Proper ductwork is one of the most important components of an energy-efficient, healthy, and comfortable home. Unfortunately, it’s also one of the most overlooked and disregarded. When most homeowners think about their HVAC system, they inadvertently direct their focus to the big pieces of equipment involved, such as air conditioners, furnaces, heat pumps, etc.
For this reason, ductwork installation is often considered an entry-level job that requires little experience and training. However, it should be treated much more seriously given its ability to make or break the performance of a home’s HVAC system.
Let’s talk more about what ductwork is, why it’s important, and how to install it for maximum energy efficiency.
We’ll start by defining exactly what ductwork is. Ductwork is the part of your home’s HVAC system that’s responsible for distributing and circulating air. It’s composed of a system of ducts, or flexible tubing, that work together to force warm or cool air to keep your home healthy and comfortable.
Yes, appliances like air conditioner and furnaces are important — but they can’t do their work alone. Think of it this way:
You need your lungs to breathe, but you also need the rest of your body’s network to carry that oxygen throughout your body. Without that transportation system, that air has nowhere to go. In your home, ductwork is that transportation system for warm, cool, and clean air.
Designing and installing ductwork is partly art and partly science. You need to ensure the system is either hidden from or blended into your home’s design, and you need to ensure it’s functioning at a high efficiency level.
Here are a few tips to help get you there.
Before ductwork is installed, it should be modeled by computer software to ensure that each of your home’s rooms receives the right amount of air supply and return. The system should adhere to the same principles as fluid dynamics, with radius turns and as few bends and obstructions as possible. Specialized computer software can help get you there.
Ductwork should have as few gaps as possible. While all ductwork should be properly sealed with mastic or foil tape, sealed gaps aren’t designed for long-term performance. Joint sealants eventually fail, and properly installed ductwork shouldn’t be compromised because of them.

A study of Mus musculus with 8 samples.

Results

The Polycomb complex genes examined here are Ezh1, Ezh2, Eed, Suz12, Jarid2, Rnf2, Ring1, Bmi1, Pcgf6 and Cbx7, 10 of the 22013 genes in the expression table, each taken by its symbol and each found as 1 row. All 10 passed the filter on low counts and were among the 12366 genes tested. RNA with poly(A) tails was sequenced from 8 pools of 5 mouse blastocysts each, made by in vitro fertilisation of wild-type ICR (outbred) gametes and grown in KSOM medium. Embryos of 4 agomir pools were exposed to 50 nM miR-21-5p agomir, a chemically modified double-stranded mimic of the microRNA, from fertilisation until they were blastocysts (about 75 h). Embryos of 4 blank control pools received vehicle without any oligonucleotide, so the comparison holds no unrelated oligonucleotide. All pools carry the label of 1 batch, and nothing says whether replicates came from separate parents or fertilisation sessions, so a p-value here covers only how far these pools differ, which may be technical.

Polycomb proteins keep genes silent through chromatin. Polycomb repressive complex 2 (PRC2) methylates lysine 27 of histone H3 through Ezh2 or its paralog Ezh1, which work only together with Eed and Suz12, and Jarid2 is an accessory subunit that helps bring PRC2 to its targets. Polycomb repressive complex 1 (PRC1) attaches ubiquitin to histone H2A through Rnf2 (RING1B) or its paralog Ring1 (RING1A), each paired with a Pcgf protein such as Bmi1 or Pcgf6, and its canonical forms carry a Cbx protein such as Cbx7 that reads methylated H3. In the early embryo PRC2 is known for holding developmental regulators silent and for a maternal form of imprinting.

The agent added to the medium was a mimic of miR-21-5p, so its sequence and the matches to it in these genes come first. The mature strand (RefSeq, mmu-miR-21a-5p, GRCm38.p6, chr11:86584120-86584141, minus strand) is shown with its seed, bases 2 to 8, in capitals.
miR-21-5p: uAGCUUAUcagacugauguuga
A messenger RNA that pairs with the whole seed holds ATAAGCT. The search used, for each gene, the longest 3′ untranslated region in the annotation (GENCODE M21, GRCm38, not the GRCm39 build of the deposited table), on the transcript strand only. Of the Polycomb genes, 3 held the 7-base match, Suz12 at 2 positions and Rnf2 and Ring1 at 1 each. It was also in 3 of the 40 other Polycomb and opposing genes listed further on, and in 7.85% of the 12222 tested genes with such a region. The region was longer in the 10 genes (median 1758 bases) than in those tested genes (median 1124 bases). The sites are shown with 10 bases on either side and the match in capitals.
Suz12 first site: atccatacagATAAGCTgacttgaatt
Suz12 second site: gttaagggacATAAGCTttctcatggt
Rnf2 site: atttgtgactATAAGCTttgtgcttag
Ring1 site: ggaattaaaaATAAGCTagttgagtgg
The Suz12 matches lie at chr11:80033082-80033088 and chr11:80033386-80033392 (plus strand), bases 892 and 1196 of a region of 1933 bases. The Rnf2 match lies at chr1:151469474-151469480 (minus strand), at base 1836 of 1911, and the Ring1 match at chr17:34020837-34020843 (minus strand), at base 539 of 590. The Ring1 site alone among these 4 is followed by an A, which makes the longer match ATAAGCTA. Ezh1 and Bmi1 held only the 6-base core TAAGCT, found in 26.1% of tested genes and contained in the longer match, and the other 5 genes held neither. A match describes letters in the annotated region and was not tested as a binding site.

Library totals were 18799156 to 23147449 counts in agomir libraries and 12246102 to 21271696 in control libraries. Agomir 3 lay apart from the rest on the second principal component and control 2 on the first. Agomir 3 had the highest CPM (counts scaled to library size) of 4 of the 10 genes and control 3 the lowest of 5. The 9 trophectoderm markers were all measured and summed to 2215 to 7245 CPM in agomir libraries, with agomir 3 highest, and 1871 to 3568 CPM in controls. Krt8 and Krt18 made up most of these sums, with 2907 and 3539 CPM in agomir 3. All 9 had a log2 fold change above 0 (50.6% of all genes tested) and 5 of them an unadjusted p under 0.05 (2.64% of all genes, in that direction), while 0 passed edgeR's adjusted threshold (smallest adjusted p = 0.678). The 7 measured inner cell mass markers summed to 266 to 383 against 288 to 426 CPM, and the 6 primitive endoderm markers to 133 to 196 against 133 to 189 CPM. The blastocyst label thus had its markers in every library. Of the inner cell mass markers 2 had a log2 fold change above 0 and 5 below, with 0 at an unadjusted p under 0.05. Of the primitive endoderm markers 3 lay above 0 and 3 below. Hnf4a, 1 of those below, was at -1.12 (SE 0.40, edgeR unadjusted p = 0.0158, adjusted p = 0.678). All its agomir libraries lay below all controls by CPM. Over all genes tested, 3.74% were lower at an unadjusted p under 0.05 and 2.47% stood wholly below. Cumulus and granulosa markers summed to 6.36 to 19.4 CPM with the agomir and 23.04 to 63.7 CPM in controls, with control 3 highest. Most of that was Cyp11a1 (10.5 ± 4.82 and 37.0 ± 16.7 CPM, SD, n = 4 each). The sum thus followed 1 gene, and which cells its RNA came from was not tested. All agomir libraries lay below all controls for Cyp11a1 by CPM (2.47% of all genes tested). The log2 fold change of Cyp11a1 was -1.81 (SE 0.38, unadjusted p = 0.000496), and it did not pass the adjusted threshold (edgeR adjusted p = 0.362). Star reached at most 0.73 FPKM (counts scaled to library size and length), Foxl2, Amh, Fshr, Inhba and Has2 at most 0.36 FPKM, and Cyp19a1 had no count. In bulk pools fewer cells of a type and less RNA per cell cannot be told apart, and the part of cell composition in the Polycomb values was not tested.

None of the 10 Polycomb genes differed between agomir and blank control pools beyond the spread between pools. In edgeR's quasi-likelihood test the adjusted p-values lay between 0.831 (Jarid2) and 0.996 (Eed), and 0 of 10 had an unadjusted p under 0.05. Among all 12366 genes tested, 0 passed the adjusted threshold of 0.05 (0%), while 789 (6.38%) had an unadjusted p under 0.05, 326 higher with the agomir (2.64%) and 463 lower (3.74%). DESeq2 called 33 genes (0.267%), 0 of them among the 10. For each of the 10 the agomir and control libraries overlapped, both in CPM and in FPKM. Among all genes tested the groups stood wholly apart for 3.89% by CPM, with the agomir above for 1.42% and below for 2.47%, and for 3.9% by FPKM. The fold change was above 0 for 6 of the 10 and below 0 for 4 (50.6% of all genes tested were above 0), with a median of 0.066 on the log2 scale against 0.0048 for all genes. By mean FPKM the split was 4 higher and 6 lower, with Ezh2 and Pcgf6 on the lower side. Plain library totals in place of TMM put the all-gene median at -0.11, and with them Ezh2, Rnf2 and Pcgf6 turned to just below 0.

The placement of your ductwork system’s cold air return is another consideration that will affect efficiency and health. Cold air returns are often located in the framing openings, but that’s not always the best choice. These areas are impossible to clean and become incubators for dust and microbes very easily.
Also, framing chases have gaps and openings where air is sucked in. So using framing chases as cold air returns decreases the efficiency in which air is drawn from the right locations. A properly installed ductwork cold air return system will resolve these issues to ensure efficient operation and great air quality.
Placing ductwork in unconditioned spaces should be avoided. Why? Even if the ducts are insulated, it’s usually not at a high R-value, and they’ll continuously lose energy to the unconditioned area.
When ductwork must be installed in crawl spaces and attics, try bringing these areas into the conditioned space. Barring that, build a well-insulated chase around the ductwork. This will help those ducts lose less energy and keep the rooms they serve at a more comfortable temperature.
Our final recommendation is to hire an expert. If you want a highly efficient duct system, you need to find a professional you can trust. Be sure to do your due diligence and vet contractors, as you want someone with experience doing this job.
Better yet? Find a professional who’s not only experienced in energy-efficient ductwork installation, but also in other green building techniques and technologies. They’ll help you ensure all of your home’s systems are working together for ultimate efficiency, healthiness, and comfort.
Want to build or remodel your home for maximum efficiency? There’s no better team to work with than Meadowlark. Our company was founded on sustainable building practices, and that’s where we continue to excel today.
A Meadowlark home isn’t just a beautiful home; it’s a home built to support the environment, promote heathy living, and withstand the test of time. To start your project, contact our team online.